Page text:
Looking for reading recommendations? Here are nonfiction books that have been added to the Curtis collection in recent months. Click on the title to check availability.
Becoming Wild: How Animal Cultures Raise Families, Create Beauty and Achieve Peace by Carl Safina (April 2020)
This book looks into three cultures of other-than-human beings in some of Earth’s remaining wild places. It shows how a sperm whale, a scarlet macaw, and a chimpanzee, experience life within a particular community.
Hidden Valley Road: Inside the Mind of an American Family by Robert Kolker (April 2020)
From 1945 to 1965, a family in Colorado had twelve children, six of whom went on to develop schizophrenia.
The Black Cabinet: The Untold Story of African Americans and Politics during the Age of Roosevelt by Jill Watts (May 2020)
In 1932 in the midst of the Great Depression, Franklin Delano Roosevelt won the presidency with the help of key African American defectors from the Republican Party. Roosevelt’s victory created the opportunity for a group of African American intellectuals and activists to join his administration as racial affairs experts.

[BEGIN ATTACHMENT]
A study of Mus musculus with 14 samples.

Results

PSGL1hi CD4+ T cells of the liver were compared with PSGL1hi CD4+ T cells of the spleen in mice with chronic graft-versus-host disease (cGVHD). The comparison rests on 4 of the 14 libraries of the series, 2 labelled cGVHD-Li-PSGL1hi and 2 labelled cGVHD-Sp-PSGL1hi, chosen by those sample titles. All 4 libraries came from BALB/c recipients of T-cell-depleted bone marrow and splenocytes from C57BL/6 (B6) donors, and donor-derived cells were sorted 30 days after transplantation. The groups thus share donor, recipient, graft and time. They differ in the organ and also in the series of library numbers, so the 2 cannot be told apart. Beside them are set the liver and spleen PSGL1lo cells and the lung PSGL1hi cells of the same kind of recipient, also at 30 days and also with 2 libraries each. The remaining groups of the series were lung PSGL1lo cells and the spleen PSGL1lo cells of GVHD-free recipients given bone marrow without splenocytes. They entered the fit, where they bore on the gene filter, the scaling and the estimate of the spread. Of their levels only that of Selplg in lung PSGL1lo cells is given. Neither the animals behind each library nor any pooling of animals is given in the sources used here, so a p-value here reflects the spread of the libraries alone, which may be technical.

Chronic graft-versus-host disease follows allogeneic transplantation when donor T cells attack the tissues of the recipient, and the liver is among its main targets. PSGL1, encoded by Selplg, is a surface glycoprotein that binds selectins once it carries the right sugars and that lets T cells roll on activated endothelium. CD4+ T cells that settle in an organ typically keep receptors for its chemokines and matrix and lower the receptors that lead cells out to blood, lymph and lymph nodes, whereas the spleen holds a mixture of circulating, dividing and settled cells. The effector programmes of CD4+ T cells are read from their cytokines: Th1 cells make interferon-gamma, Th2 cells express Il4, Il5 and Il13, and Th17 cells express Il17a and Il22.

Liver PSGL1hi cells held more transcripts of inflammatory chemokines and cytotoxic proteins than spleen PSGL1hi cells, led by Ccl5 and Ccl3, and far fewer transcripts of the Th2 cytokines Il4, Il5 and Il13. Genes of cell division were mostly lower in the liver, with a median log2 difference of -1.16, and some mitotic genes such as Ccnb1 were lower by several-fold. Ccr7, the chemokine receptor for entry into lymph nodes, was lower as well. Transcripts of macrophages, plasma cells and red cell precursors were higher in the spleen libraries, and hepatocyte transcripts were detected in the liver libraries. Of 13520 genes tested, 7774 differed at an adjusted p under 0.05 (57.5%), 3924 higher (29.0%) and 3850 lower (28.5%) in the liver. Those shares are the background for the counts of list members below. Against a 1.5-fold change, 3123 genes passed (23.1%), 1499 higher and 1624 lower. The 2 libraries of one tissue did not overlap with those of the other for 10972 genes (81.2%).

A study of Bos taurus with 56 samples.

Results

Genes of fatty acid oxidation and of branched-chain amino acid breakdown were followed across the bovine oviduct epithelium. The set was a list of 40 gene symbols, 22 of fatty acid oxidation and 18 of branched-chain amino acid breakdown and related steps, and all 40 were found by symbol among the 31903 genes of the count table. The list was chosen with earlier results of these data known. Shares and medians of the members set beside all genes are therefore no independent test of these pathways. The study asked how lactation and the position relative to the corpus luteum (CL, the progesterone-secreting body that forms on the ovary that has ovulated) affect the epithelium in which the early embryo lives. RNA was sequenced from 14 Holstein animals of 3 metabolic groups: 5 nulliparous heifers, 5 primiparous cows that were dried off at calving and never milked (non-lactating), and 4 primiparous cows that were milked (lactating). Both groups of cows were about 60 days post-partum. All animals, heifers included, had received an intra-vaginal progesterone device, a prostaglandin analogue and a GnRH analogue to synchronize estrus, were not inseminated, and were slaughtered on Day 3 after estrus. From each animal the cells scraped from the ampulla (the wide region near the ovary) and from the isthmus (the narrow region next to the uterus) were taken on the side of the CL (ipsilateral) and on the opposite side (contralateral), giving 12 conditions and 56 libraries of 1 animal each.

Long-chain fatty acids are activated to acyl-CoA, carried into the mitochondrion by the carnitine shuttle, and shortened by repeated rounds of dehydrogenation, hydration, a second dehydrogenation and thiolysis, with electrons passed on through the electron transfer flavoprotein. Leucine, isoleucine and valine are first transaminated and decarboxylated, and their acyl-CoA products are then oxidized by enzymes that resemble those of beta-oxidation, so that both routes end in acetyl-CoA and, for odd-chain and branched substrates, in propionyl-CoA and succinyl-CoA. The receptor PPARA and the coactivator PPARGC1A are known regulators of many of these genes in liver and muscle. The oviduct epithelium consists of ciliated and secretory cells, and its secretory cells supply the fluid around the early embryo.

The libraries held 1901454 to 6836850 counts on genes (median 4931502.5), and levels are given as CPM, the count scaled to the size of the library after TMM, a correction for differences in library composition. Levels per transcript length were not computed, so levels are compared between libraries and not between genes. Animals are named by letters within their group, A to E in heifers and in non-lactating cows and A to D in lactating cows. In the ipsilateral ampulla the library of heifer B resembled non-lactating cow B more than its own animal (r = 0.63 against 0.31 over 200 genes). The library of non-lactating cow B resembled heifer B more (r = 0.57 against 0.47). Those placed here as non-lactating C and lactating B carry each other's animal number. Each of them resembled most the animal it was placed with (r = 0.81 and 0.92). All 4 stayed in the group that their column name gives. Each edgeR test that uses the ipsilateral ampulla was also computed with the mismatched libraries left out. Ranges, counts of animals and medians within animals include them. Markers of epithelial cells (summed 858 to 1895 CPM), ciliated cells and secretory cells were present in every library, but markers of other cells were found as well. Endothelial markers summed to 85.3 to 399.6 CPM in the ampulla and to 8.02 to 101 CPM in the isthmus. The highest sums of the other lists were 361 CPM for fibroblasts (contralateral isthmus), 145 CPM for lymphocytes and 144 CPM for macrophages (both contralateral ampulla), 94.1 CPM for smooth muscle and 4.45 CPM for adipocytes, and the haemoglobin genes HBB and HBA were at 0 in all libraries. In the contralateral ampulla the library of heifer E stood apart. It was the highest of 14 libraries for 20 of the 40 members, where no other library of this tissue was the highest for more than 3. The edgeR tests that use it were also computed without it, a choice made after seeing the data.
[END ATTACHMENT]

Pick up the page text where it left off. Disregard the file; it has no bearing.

Washington’s End: The Final Years and Forgotten Struggle by Jonathan Horn (Feb 2020)
Washington’s quest to surrender power proved more difficult that he imagined. This powerful story is told through his eyes as well as his family, friends, and foes.
The Women with Silver Wings: The Inspiring True Story of the Women Air Force Service Pilots of World War II by Katherine Sharp Landdeck (April 2020)
The true story of America’s unsung heroines of World War II.
Empires of the Sky: Zeppelins, Airplanes and Two Men’s Epic Duel to Rule the World by Alexander Rose (April 2020)
The Golden Age of Aviation is brought to life by the story of the giant Zeppelin airships that once roamed the sky and ended with the fiery destruction of the Hindenburg.
Open Book by Jessica Simpson (Feb 2020)
The actress reveals her most intimate struggles – inspiring and entertaining.
Fire in Paradise: An American Tragedy by Alastair Gee and Dani Anguiano (May 2020)
Bay Area-based reporters for The Guardian relate the story of the worst American wildfire in a century.